At the forefront of any successful team effort are those who lead by example, inspiring others to achieve higher goals previously thought unattainable.
This year, Lycoming County's biggest team effort, the 2008 Lycoming County United Way campaign, is being led by two men with proven track records of leading successful teams: campaign chairman Michael Bush and vice-chairman Oscar Knade. Both men are the driving force behind the more than 1,000 volunteers assisting with the campaign in a multitude of capacities.
"I was born and raised here and my wife and I made a deliberate decision to come back to Lycoming County after some time out of the area. The people here have allowed us to build a wonderful life for our family," Bush said. "Not everyone has such an easy path, and those folks must not be forgotten. The programs supported by United Way donors ensure that help is there for those that need it when they need it."
This year Lycoming County’s biggest team effort, the 2008 Lycoming County United Way campaign, is being led by two men with proven track records of leading successful teams: campaign chairman Michael Bush, left, and vice-chairman Oscar Knade.
Bush has volunteered with United Way for 16 years in a variety of roles. Last year, he accepted the role of vice-chair of the annual campaign in preparation to be the chairperson this year.
Many of the programs funded by United Way serve the working poor in Lycoming County. People who may work minimum wage jobs or face a family emergency and cannot survive without a temporary helping hand.
"Some of our program partners provide services that give program participants the tools they need to stand on their own two feet. These are not hand-outs, they are a helping hand such as classes to improve reading skills which will lead to more gainful employment. Other program partners assist people facing a crisis such as an illness or injury that prevents them from working and they need help with their bills for a short time," Bush said.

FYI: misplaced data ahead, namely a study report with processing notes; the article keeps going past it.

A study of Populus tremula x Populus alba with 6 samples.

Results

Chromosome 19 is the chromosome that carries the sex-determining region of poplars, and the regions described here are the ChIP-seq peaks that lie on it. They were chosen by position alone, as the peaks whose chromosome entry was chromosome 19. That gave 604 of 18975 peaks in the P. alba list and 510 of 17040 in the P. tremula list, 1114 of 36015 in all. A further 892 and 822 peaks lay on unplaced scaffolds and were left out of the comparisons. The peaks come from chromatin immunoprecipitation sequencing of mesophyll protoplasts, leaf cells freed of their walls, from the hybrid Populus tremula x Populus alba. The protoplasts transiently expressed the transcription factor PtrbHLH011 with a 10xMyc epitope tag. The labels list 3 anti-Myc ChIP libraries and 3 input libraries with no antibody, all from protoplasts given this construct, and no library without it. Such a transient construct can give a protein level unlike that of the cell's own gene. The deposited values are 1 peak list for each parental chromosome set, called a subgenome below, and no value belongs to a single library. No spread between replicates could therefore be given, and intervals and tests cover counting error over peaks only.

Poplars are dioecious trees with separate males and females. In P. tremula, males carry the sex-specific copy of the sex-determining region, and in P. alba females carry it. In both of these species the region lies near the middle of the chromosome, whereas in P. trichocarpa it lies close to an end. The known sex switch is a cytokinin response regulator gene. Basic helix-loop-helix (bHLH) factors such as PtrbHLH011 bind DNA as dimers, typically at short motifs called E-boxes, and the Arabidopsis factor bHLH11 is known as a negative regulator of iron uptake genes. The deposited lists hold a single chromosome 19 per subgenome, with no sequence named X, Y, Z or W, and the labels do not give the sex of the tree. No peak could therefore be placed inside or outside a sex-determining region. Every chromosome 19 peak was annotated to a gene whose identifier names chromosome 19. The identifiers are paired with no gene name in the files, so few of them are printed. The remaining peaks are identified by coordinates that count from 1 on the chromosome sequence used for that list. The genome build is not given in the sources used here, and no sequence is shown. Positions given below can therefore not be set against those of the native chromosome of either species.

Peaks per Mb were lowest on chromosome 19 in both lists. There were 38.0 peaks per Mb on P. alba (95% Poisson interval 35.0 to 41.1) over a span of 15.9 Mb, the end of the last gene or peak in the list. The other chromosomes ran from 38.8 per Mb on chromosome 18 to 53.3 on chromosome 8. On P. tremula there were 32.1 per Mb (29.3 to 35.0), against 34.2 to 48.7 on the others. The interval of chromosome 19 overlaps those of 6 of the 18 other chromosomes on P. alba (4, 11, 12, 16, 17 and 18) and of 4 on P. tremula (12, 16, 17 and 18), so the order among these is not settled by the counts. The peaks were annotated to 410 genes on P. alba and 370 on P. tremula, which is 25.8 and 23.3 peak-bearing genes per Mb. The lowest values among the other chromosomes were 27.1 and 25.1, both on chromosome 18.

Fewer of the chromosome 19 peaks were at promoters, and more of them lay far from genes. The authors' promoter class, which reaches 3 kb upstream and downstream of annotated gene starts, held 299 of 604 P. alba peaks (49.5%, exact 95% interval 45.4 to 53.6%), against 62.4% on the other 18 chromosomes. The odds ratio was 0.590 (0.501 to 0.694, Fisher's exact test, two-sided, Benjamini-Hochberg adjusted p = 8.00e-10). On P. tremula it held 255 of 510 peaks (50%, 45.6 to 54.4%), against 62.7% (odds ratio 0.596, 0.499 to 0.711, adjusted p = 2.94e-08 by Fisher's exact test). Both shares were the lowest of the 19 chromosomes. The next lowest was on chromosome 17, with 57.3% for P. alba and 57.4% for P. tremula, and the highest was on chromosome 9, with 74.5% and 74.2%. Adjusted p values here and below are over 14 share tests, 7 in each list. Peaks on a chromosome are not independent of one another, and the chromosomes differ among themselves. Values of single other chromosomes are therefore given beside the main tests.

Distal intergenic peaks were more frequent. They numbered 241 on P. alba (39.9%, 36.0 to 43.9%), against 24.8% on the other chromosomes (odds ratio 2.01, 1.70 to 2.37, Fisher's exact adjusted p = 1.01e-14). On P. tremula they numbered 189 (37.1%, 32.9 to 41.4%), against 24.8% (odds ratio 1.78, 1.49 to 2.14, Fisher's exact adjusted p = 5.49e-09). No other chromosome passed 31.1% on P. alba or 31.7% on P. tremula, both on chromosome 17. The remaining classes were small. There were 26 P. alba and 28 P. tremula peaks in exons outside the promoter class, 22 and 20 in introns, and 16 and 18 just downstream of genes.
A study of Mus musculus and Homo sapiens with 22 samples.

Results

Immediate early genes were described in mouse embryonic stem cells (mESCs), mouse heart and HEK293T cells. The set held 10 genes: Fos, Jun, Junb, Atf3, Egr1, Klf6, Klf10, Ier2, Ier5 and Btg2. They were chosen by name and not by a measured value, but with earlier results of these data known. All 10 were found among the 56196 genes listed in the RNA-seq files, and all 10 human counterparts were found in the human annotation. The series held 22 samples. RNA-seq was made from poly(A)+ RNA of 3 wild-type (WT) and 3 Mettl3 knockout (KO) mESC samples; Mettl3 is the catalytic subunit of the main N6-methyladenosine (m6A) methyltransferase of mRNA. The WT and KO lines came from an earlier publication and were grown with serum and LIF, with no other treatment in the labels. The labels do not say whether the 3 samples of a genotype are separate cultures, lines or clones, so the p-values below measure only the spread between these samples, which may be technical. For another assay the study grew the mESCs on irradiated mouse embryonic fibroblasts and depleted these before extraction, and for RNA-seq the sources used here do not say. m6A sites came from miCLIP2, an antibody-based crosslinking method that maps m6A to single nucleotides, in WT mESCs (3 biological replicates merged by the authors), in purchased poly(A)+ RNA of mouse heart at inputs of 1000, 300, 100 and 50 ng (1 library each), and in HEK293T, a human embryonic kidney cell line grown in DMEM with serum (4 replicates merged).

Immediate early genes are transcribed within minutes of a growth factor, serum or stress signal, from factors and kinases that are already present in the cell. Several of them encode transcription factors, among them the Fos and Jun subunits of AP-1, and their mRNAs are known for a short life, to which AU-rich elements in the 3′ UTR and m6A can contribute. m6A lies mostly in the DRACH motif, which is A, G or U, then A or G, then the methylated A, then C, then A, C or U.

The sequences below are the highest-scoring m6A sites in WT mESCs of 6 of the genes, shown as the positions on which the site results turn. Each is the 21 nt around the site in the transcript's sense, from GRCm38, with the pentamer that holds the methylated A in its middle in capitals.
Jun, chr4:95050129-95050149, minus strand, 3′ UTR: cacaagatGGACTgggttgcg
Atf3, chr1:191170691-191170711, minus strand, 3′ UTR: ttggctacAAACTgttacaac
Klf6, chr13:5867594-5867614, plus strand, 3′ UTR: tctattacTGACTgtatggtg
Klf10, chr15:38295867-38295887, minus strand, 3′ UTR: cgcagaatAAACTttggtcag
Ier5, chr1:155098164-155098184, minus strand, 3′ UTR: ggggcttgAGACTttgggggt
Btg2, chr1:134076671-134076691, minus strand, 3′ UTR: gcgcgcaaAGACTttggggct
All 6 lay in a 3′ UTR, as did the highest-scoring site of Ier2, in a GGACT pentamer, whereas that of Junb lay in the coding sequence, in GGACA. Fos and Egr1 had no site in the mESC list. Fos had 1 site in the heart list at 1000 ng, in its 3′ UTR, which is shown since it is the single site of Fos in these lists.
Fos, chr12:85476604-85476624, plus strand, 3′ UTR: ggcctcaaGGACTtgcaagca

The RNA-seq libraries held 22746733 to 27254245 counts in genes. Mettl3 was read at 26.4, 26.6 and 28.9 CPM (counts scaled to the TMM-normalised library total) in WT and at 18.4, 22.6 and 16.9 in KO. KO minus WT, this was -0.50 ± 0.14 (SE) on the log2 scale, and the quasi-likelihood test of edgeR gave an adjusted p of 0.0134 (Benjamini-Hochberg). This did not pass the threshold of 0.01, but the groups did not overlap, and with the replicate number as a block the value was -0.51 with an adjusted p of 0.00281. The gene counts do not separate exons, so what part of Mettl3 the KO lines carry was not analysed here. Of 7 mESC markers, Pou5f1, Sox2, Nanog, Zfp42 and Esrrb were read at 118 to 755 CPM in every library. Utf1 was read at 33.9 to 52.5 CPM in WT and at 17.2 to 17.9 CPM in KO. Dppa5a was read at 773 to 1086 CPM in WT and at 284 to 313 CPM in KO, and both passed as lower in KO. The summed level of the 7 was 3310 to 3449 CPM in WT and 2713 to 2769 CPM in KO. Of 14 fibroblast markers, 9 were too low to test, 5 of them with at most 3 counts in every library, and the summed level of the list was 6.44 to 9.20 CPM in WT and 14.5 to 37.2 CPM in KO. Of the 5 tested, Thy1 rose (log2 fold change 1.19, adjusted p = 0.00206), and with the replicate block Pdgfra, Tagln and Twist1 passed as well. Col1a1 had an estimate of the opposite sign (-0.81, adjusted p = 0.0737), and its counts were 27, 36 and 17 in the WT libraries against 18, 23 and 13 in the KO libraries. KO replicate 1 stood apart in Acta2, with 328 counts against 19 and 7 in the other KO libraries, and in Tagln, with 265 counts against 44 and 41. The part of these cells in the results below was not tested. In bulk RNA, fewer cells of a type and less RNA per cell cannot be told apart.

"We are focused on five critical community needs categories: nurturing our children, serving those with special needs, caring for people in crisis, supporting our seniors, and strengthening our families," Bush explained. "All of our program partners are held accountable to meet these community needs in order to receive funding.
"I feel that United Way is by far the best way to have the most impact meeting the urgent needs of our neighbors," Bush said.
Bush has devoted countless hours to United Way in recent months preparing for the campaign in addition to working full-time as a financial adviser at Merrill Lynch. Bush lives in Loyalsock Township with his wife, Tera, and their two children, Brian and Madeline.
Serving in the role of vice-chair this year is Knade. He describes himself as "mostly retired" after serving as the superintendent of schools for the Williamsport Area School District for 20 years.
"I first became involved with United Way in 1972 when I co-chaired the campaign with the faculty and staff within the school district. Many local employers like the school district support United Way by hosting an in-house campaign for employees to donate via payroll deduction. These workplace contributions make up the majority of funds we raise each year and are critical to responding to community needs," Knade said.
Knade also has served two three-year terms on the United Way board of directors over the years and helped with numerous United Way initiatives.
"I volunteer for United Way because I believe in a unified approach to charitable giving. Moreover, the United Way umbrella includes a broad reach of human service providers whose work is critical to the well being of our extended community," Knade said. "The United Way approach to funding program partners includes strict measures of accountability assuring donors' contributions are wisely spent."
Knade and his wife Shirley live in Fairfield Township. They have two sons, Stuart and Karl, who live in Harrisburg and Easton, Md., respectively.
The annual campaign will begin this week and continue until the end of November. For more information on Lycoming County United Way or to make a donation to the campaign, call 570-323-9448.